A few weeks ago, out of curiosity, or out of a need and desire to find what I really want in a home, I started looking for a one bedroom. I took some tours of the Upper West Side, the Village and a long journey out to Brooklyn Heights. And unfortunately, I stumbled upon the beauty you see below. I say unfortunately because it was perfect in every single conceivable way, except for timing. I don’t need a one bedroom for six months, couldn’t even think of affording it until four months out. It’s unfortunate I found something with so much light and great proportions…
The apartment is the full parlor floor of a Georgian style brownstone in Brooklyn Heights. With a little research, and memory from past classes, I found that the basic principles of Georgian domestic architecture had been established in Marvell’s day – ‘Humility alone designs/ Those short but admirable lines’ – but it was the expansion of speculative building in the 18th century that made the achievement possible. Most significantly, educated builders or surveyors, rather than architects, were involved.
The apartment still maintains an elemental parlor floor plan with one room at the front and one at the back. And the best part is the an insistent verticality which always creates pleasing proportions and rooms flooded with light. And, of course, there is a balcony in the back. These are simple principles that make this apartment so desirable. And it has nothing to do with bogus pediments or sash windows. It has to do with firm principles of proportion and a flowing interplay between public and private space.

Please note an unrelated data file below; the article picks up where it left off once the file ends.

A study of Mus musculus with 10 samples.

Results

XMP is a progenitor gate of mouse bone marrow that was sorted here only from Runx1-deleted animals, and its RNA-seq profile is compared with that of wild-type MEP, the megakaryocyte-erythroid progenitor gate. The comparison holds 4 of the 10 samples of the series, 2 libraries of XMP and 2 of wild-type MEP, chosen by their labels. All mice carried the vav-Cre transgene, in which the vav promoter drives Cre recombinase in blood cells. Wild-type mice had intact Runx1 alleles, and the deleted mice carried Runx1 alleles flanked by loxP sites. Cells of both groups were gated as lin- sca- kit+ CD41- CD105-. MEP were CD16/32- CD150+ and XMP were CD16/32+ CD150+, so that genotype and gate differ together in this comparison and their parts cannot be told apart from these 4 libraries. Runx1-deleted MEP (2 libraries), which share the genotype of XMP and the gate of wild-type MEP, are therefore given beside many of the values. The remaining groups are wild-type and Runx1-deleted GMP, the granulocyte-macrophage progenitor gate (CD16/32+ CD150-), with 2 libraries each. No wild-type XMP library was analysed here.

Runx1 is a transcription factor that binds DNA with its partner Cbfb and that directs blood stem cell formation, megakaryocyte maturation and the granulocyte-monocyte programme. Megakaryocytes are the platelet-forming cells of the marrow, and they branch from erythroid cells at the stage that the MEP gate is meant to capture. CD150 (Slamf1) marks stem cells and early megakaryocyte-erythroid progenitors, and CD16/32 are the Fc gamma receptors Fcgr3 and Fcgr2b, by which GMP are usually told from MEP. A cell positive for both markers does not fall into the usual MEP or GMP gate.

I’m still walking around, looking at places, and realizing that the apartment in my future need not be a brand new building or something “cozy with exposed brick walls.” As Le Corbusier said, I need a home where I can sense ‘intelligence made visible’. I need a home that achieves its feel, commodity and delight not through surface details, but through fundamental principles: good proportions, ordinariness and light. That’s all my home needs to be.